A newly-hired University of Georgia entomologist hopes to develop genetic resources to understand fire ant success in the southeastern United States. Ultimately, this research could lead to new methods to reduce the number of fire ants inflicting pain on humans and taking over lawns and pastures across Georgia.
“I’m searching for methods to knock down specific genes in the fire ant. The ability to perturb gene function can help us better understand the basis of traits related to fire ant social structure and population density,” said Brendan Hunt, an entomologist in the UGA College of Agricultural and Environmental Sciences and the newest faculty member of the Griffin campus.
Knowing more about fire ant genetics could lead to new control applications, he said.
Hunt earned a doctorate at Georgia Tech where he studied fire ant genetics and molecular evolution of social insects. He was also involved with the sequencing of the fire ant genome.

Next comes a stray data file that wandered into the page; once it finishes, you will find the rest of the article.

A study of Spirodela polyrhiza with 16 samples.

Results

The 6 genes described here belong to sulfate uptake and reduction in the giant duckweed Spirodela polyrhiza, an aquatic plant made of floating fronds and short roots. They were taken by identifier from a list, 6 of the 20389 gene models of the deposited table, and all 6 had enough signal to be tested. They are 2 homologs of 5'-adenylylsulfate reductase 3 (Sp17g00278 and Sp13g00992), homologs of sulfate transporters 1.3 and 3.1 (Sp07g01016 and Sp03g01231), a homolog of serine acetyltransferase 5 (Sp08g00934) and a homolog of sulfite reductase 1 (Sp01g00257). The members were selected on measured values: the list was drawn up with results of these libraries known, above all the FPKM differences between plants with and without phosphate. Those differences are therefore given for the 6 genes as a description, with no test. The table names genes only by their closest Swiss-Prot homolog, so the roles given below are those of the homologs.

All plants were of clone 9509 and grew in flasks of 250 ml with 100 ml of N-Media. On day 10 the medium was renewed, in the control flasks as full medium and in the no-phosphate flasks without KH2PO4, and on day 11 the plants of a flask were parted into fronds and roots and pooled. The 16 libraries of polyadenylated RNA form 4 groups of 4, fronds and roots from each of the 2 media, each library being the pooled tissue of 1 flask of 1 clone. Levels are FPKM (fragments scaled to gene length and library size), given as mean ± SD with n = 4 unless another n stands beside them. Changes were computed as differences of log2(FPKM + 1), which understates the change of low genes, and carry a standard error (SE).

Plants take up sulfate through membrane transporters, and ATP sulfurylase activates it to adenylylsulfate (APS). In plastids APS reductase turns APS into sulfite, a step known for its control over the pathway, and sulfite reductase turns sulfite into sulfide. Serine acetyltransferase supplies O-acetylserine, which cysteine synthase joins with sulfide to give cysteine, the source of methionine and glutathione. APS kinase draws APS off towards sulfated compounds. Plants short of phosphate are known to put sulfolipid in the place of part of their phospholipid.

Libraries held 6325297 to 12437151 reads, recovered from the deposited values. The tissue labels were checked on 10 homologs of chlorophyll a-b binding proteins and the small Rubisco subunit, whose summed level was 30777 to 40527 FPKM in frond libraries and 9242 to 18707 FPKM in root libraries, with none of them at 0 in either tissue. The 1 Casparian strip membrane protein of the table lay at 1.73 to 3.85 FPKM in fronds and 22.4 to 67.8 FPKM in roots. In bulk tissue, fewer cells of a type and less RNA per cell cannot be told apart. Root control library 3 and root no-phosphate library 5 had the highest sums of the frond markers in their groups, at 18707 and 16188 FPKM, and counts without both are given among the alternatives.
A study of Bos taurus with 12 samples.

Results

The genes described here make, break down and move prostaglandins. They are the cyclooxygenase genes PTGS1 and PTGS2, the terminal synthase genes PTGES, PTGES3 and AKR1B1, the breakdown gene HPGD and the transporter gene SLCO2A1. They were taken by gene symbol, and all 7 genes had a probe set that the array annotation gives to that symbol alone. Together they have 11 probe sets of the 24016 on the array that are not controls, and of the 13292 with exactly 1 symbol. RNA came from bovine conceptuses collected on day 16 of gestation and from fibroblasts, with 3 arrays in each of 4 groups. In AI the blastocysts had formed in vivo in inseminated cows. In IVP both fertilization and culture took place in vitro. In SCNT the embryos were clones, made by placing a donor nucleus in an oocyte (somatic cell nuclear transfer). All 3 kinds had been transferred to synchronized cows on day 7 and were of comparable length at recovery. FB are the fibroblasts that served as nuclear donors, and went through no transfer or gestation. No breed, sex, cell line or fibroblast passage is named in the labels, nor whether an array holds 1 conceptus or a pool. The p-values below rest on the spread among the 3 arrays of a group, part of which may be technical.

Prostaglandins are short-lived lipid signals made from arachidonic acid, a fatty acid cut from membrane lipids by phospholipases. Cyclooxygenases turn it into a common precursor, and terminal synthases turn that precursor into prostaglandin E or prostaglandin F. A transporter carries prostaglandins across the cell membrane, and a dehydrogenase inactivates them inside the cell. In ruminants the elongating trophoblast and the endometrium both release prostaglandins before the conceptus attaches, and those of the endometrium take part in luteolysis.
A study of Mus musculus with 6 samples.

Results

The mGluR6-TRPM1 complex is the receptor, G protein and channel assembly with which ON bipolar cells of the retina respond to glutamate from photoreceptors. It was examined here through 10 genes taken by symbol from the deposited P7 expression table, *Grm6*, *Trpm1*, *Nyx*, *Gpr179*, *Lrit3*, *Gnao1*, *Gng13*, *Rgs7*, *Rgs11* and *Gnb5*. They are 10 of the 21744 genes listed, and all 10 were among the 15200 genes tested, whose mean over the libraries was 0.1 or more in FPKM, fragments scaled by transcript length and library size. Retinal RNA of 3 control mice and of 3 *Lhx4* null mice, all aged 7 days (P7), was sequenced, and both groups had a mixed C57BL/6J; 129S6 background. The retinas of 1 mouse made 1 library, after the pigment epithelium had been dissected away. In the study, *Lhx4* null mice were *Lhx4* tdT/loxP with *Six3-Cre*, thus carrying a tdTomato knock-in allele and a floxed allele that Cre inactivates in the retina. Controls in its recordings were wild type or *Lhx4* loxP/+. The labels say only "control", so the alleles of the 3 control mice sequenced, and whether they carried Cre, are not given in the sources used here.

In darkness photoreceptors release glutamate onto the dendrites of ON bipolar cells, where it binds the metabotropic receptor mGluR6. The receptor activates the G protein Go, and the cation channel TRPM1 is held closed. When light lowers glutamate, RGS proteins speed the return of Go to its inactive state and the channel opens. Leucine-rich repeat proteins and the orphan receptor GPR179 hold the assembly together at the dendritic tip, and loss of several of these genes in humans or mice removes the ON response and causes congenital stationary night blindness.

He is also interested in how environmental factors affect animal development. Hunt says a “model example” of the environment’s influence on development can be found in honeybees and fire ants.
“A female honeybee or fire ant egg can develop either into a queen or a worker and based on nutritional and feeding differences during their development,” he said. “A queen actively produces and lays eggs for a long time and lives for a long time while a worker is basically sterile.”
To build his research program at UGA, Hunt is collecting fire ants, an easy task as he’s found plenty living outside his office. “They are everywhere on this campus, which is great for me. One of the reasons fire ants are so successful is that they love mowed lawns, meadows and farmland,” Hunt said. In addition to studying fire ants, Hunt teaches undergraduate classes on the UGA Griffin campus.
For information on how to control fire ants in Georgia, see the UGA CAES publication “Managing Imported Fire Ants in Urban Areas” at www.caes.uga.edu/publications.